Air Quality

A heavy air tanker drops fire retardant over the Boteler Fire in western North Carolina
Courtesy of North Carolina Forest Service

The state Department of Environmental Quality has again issued warnings of dangerous air quality in western North Carolina as a result of more than a dozen wildfires in the region. Four counties in the west were under a "code purple" air quality alert on Tuesday, the highest warning the state can give.

a thermometer surpassing 100 degrees farenheit
Joe Chung / https://flic.kr/p/4PeJ6U

North Carolina is in the midst of an extreme, extended heat wave. Heat index values are expected to be as high as 105 degrees in some parts of the state.

That much heat can make it dangerous to be outside, according to National Weather Service meteorologist Gail Hartfield.

emissions
Dave DeWitt

The Department of Environment and Natural Resources is recommending that vehicle emission testing is no longer necessary in many North Carolina counties. 

The DENR report, ordered by the Legislature in 2013, says that emission testing of cars and trucks in as many as 31 counties could be eliminated by next year. 

A crude oil mining site in Oxnard, Calif.
Faces of Fracking

The North Carolina House of Representatives approved a controversial measure that could exempt the state from creating its own air-quality standards for fracking.

Republican supporters say the plan will take a burden off state regulators while Democratic opponents complain existing federal regulations alone are insufficient.

A crude oil mining site in Oxnard, Calif.
Faces of Fracking

State environmental officials might not have to adopt air quality standards for fracking. A controversial measure that would passed a key committee in the legislature yesterday.

Rep. Mike Hagar (R-Rutherford), who sponsored the measure, says there are already federal rules governing air quality at fracking sites.

"We're not going to re-write rules that are already out there," he says. "That's inefficient. That costs the taxpayers money for people to go work doing stuff they don't need to do."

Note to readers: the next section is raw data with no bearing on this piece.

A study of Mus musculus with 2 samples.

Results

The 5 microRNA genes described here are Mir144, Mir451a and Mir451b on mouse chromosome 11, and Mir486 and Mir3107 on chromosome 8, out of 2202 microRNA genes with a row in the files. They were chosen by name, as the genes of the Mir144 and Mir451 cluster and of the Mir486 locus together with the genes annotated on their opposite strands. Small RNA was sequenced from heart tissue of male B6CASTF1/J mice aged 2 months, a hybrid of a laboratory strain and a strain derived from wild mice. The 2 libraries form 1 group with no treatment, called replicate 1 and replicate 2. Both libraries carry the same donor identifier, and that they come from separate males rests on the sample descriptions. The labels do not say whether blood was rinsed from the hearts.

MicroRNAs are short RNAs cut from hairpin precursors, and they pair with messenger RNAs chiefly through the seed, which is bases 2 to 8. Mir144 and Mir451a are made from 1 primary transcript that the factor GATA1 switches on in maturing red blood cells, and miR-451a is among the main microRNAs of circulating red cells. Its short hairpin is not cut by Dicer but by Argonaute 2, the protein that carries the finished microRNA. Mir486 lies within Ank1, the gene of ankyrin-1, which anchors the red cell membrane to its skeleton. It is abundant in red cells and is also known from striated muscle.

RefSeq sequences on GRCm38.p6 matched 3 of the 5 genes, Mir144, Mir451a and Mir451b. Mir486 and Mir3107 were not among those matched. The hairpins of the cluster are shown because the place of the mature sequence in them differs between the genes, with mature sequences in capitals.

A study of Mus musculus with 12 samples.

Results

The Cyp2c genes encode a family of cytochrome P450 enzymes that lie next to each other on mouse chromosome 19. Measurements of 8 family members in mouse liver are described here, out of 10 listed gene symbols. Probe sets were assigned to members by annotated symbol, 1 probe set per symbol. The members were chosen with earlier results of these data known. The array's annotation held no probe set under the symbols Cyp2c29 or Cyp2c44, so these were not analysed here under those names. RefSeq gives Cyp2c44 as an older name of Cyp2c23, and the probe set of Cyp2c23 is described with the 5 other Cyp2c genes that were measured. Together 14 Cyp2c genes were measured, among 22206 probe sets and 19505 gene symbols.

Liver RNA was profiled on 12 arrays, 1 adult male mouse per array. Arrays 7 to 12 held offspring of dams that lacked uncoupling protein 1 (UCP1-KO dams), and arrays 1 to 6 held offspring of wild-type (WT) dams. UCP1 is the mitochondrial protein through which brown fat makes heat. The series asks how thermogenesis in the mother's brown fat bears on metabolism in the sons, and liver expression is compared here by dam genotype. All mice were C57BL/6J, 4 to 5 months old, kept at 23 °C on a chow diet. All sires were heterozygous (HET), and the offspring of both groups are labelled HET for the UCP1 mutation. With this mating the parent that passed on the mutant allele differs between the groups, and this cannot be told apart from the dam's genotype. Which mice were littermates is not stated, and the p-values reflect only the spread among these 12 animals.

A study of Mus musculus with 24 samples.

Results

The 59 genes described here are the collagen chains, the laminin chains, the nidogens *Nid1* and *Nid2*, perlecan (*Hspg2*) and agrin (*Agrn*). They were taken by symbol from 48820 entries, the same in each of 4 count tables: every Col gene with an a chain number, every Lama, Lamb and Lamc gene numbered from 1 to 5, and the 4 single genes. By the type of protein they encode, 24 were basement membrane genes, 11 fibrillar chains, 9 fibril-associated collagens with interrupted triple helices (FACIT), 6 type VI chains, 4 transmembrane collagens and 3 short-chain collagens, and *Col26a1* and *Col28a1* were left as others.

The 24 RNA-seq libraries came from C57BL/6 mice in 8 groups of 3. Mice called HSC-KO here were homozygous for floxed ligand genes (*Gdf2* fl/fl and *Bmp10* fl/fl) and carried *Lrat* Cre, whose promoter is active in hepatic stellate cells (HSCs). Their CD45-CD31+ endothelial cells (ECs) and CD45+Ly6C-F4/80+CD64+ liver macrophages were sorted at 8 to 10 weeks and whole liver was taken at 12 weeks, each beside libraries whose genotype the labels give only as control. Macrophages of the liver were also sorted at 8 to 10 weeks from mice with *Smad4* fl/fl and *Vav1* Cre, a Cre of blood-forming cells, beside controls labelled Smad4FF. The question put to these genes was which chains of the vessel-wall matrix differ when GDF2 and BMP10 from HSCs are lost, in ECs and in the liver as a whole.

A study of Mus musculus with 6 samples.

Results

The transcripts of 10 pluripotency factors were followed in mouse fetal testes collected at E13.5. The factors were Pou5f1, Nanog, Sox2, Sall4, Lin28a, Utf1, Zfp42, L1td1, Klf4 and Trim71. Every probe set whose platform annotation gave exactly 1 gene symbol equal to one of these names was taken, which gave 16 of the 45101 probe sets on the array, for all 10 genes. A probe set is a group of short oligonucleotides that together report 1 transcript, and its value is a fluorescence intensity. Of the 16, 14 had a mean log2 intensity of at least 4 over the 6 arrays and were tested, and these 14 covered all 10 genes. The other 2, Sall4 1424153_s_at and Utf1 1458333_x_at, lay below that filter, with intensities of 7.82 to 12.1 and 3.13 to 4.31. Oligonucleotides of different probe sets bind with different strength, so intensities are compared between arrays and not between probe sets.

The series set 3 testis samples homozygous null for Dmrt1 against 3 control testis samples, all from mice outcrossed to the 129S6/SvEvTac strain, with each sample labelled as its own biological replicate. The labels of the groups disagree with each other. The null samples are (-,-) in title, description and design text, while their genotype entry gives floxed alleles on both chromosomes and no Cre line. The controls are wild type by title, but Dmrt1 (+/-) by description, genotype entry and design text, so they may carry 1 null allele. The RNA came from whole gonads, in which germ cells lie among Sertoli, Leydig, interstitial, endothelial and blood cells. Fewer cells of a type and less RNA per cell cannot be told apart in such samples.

A reduction of emissions from coal-fired plants like this one have helped North Carolina meet federal air quality standards.
eutrophication&hypoxia / Flickr, Creative Commons

North Carolina is meeting a new national standard for reducing particle pollution. 

The federal Environmental Protection Agency has notified Governor Pat McCrory that it will officially designate that the state is in compliance this coming December. 

State air quality experts say particle pollution can reach dangerous levels at any time during the year. 

North Carolina Air Pollution
Doug Bradley / Flickr

  

Stronger emission controls in North Carolina are closely associated with declining death rates from respiratory illnesses like asthma and emphysema, according to a Duke University study released this week. 

North Carolina Air Pollution
Doug Bradley / Flickr

Duke University researchers have found a connection between state and federal air pollution restrictions and improved public health in North Carolina.

Duke Surgery Professor H. Kim Lyerly and his team evaluated disparate data from air quality monitoring stations and health statistics between 1993 and 2010. Lyerly said air quality improved, and so did respiratory health.

Accounting for seasonal changes and an overall drop in smoking, Lyerley said annual emphysema-related deaths dropped from 12-per-100,000 people, to five. Asthma and pneumonia-related deaths decreased, too.

Coal fired power plant
eutrophication&hypoxia via Flickr, Creative Commons

A bill passed in the General Assembly last year could ease environmental restrictions on some industries including paper mills and power plants that are sources of air pollution.

If approved by state agencies, the measure would allow those industries to comply only with federal regulations and bypass separate state air toxins rules created in 1989. Environmental and community groups hope to stop the plan from going forward.

Traffic jam
epSos via Flickr, Creative Commons

There are public hearings on proposed changes to auto emissions tests and toxic air pollutant rules this week in Raleigh.

A bill that passed the legislature would exempt cars and light-duty trucks from their first three years of auto emissions tests. Right now cars and trucks are exempt only during their first year. That hearing is Wednesday evening. And another hearing is scheduled for Thursday on a bill that would change the state's rules for controlling toxic air pollutants.